Successful first flight for Airbus’ hydrogen engine

Airbus' hydrogen engine
Successful first flight for Airbus’ hydrogen engine

On 8 November, a glider from Airbus equipped with a combustion engine powered by hydrogen made a flight in Nevada (United States). This is just the beginning for Airbus UpNext’s Blue Condor project.

We only learnt about it last week, in a press release, but this flight – part of the ZEROe project – was a success. The Airbus subsidiary in charge of innovation modified an Arcus-J glider for the occasion, working with the German company Aero Design Works. The aim of the Blue Condor programme is to compare the emissions of a small hydrogen-combustion engine with that of a similar-sized kerosene engine, by flying two gliders at an altitude of 30,000 feet.

On this first flight, the glider flew for 30 minutes at an altitude of 7,000 feet. Two further flights have taken place since, performing tests including an engine start at 10,000 feet.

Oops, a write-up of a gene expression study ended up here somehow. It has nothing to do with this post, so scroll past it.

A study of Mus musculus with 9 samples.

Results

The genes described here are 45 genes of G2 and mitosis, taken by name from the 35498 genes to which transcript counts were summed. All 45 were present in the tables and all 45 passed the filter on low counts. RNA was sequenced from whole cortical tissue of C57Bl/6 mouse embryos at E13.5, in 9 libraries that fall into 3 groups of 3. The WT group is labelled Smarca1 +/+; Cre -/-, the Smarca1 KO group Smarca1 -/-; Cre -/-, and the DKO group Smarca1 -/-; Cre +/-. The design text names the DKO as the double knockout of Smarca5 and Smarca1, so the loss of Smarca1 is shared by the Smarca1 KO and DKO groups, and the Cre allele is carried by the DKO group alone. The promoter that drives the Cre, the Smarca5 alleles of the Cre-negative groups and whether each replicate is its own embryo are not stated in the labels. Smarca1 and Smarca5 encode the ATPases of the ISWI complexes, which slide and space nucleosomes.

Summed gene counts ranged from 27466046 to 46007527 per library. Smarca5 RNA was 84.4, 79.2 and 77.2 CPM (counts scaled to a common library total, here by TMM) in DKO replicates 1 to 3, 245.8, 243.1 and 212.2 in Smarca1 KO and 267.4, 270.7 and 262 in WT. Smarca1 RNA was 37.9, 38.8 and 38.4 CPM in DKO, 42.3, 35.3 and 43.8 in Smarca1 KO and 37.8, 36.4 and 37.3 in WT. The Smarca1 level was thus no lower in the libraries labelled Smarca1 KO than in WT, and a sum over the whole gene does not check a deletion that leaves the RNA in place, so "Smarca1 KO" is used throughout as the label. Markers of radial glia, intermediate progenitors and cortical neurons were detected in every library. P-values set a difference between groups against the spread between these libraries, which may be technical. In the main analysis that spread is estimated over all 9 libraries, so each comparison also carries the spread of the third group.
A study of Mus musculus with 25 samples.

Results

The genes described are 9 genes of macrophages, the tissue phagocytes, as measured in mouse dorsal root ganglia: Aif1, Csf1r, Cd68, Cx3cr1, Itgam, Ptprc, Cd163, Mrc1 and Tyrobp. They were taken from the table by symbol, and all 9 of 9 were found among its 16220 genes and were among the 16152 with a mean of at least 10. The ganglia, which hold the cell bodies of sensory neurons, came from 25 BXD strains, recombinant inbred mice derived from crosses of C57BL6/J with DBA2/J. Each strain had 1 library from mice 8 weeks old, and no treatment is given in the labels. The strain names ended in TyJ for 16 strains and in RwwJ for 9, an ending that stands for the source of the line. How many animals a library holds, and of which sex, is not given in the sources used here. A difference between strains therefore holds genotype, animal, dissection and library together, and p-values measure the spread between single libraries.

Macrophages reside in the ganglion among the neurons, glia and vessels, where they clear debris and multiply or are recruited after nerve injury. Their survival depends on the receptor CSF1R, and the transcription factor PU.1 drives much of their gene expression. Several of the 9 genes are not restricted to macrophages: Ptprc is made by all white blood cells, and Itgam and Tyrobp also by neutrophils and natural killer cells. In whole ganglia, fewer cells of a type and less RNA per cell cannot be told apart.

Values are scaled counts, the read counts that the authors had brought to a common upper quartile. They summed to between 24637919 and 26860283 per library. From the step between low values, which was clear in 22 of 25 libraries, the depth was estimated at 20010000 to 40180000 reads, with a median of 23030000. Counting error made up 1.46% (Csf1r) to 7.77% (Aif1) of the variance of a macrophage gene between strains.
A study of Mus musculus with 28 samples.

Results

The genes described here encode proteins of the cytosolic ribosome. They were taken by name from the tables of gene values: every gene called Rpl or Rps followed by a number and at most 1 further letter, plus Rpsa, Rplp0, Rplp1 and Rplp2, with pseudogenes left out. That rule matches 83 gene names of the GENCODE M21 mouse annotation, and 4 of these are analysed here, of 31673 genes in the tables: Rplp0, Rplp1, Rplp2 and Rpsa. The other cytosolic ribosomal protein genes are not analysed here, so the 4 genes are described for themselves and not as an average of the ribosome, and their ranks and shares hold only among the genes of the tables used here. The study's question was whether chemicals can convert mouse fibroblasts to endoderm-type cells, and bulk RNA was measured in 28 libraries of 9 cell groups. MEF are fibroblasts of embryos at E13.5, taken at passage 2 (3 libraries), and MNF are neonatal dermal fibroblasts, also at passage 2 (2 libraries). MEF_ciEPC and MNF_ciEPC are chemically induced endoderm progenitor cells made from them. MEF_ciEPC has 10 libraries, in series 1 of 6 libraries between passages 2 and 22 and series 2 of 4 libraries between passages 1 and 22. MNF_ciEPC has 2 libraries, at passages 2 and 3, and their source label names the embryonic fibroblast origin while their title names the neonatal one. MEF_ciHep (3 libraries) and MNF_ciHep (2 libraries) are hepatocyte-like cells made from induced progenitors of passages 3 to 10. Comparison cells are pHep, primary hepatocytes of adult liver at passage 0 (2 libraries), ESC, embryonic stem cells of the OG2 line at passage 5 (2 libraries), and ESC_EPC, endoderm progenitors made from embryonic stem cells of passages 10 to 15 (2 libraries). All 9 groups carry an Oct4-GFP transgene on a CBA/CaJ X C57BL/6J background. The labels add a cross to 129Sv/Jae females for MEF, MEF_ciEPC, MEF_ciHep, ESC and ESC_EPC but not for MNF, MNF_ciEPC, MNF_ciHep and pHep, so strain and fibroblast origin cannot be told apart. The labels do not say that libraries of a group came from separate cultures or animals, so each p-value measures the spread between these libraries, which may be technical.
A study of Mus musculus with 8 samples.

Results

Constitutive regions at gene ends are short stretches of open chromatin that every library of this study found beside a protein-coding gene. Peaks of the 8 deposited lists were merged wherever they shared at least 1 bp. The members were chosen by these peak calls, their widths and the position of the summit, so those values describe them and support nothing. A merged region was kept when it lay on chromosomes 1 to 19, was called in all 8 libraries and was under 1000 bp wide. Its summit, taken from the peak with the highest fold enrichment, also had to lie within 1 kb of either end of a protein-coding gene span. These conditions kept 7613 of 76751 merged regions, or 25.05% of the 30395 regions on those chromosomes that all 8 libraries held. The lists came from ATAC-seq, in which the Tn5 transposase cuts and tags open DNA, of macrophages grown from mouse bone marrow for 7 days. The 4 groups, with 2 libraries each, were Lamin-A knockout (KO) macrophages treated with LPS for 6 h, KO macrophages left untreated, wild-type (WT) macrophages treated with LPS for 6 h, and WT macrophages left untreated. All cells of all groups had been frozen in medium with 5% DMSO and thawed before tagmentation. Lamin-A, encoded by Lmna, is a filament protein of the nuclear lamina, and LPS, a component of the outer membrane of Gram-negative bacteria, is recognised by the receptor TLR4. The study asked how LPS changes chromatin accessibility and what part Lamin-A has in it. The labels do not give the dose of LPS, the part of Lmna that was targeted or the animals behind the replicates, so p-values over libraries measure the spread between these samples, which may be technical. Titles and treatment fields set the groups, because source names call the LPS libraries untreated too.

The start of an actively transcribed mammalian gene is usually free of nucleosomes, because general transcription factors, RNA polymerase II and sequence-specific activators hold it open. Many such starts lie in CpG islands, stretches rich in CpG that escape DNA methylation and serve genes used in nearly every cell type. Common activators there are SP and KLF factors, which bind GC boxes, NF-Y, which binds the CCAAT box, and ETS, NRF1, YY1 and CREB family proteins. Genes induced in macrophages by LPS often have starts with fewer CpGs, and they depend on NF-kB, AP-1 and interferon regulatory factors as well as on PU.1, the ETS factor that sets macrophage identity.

Ad-Venta is involved in this project. Thanks to its test bench (which goes up to 1,000 bars), the SME based in France was able to qualify all the ground equipment for Airbus UpNext before making the first flight. It also supplied a valve on the tank containing hydrogen stored at 700 bars. Ad-Venta points out that its involvement in the Blue Condor project covers the architecture, the supply of storage components and their validation, as well as safety aspects and ground tests.

Airbus will now study hydrogen contrails

The next step is to fly the glider early next year, in order to study any traces of condensation. In its press release, Airbus says that hydrogen contrails don’t contain soot or sulphur oxides, but do hold nitrous oxides and a lot of water vapour (up to 2.5 times more than kerosene contrails). This is why the Airbus UpNext team will be taking advantage of the winter in Nevada to carry out these measurements.

Do you want to learn more about Airbus’ hydrogen engine? Then our latest article on the subject should interest you. You can read it here

Article written by Laurent Meillaud and translated by Logan King 



After an unusual career (3 years in the French army followed by a 3-year degree in Applied Foreign Languages), it was my passion for environmental issues that finally caught up with me and led me to join Seiya Consulting and H2 Today in June 2022. First as an end-of-study internship, then as Marketing & Communication Manager and translator at Hydrogen Today.